Silicon Valley doesn't like the looks of this Bravo reality show that will show the bro-ey realities of the tech start-up scene because it might tarnish this reputation as very important do-gooders techies think they have. "Many here were offended, saying it would trivialize the difficult and important work being done in the valley," writes The New York Times's David Streifeld. Rather than show all the world-changing SoMoLo (social, mobile, local — duh) copy-catting these tech businessmen do, the program, like all good reality TV, will show boozing and drama. Though we're sure Bravo will leave out some of the work stuff that happens in the Valley — "In the editing process, we try to get rid of everything that is going to be a snooze," Bravo President Frances Berwick told Streifeld — we also don't think this sounds too far off from at least some of the realities of Silicon Valley life.
The issue here is not the show, it's that Silicon Valley has delusions of what its CEOs think the are — some higher form of business trying to save the world — and what life there is really like. Here's the perception: "We’re so bland," Jamis MacNiven, whose restaurant Buck’s is a popular Silicon Valley haunt, told Streifeld."People spend their weekends taking out last year’s incredibly energy-efficient bulb and screwing in this year’s even more energy-efficient bulb," he said. Okay, some Silicon Valley uber-nerds might spend their weekends screwing in light-bulbs, but there is also a documented culture of partying out there. Even if the term brogrammer has a satirical tone, it references a sort of cool kid programmer that has emerged, who likes to code and play beer pong. Even in the early years of Facebook, the young entrepreneurs partied, which Katherine Losse writes about in her book the Boy Kings: A Journey to the Heart of the Social Network. And then there was that lavish birthday party for Yammer CEO David Sacks the other week. Don't tell us partying doesn't exist out there — of course it does.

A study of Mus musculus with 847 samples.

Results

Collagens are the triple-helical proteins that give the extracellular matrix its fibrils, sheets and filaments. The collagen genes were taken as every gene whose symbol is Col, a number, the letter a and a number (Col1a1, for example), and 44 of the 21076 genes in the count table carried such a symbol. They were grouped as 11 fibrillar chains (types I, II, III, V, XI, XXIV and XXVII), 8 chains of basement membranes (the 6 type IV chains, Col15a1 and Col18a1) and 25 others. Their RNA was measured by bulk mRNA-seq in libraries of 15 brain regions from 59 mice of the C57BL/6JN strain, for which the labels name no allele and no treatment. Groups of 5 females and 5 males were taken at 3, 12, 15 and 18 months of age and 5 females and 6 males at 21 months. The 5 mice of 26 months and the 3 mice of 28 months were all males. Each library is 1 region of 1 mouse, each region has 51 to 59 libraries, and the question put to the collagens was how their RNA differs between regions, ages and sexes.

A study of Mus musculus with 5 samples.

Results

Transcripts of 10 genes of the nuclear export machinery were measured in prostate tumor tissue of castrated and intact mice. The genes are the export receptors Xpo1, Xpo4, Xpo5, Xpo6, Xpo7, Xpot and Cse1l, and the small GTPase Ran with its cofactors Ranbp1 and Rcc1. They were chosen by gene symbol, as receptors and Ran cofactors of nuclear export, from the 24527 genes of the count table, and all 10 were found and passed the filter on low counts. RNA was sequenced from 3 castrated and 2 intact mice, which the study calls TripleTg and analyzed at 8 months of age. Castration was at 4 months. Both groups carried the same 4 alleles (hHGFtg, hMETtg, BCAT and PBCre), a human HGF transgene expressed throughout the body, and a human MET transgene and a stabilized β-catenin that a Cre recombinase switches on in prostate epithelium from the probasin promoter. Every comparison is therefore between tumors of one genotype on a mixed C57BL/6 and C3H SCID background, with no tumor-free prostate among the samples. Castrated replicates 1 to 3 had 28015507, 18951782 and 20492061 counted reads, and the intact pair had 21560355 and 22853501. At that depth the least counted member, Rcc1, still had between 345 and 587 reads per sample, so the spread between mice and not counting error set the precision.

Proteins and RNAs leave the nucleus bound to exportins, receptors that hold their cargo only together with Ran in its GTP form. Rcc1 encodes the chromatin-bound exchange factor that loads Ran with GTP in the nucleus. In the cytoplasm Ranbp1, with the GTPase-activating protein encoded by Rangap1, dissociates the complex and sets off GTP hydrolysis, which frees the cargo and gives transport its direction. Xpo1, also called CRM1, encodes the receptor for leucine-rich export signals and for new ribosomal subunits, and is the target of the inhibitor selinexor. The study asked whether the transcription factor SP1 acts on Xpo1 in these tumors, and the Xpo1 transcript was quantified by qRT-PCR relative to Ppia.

As Bravo reality shows go, we don't doubt the producers take this reality to its extreme. But producer Randi Zuckerberg (and notorious partier) makes a valid point: "Trust me, enough people in this industry make laughingstocks of themselves," Zuckerberg tweeted as a response to someone fearing the show would make a "laughing stock" of the industry. "We’re just capturing reality!" The wealth and partying exists, Silicon Valley just isn't comfortable with the rest of us knowing about it because it will indeed tarnish the faux reputation these guys "important work" like "making the world more open and connected." Just as Facebook fosters a culture of "reticient rich," which encourages employees keep their wealth hidden as not to tip us off to the fact that all their important work serves to make these men very rich, Silicon Valley likes to keep this aspect of life out there underground, too -- because it makes them look bad.
Lucky for Silicon Valley, at this point, Bravo reality TV shows have become caricatures of Bravo reality TV shows. So we doubt those who end up watching -- seasoned Bravo watchers, no doubt -- will think it depicts any sort of norm. But, getting all defensive about it doesn't help their case, either.
This article is from the archive of our partner The Wire.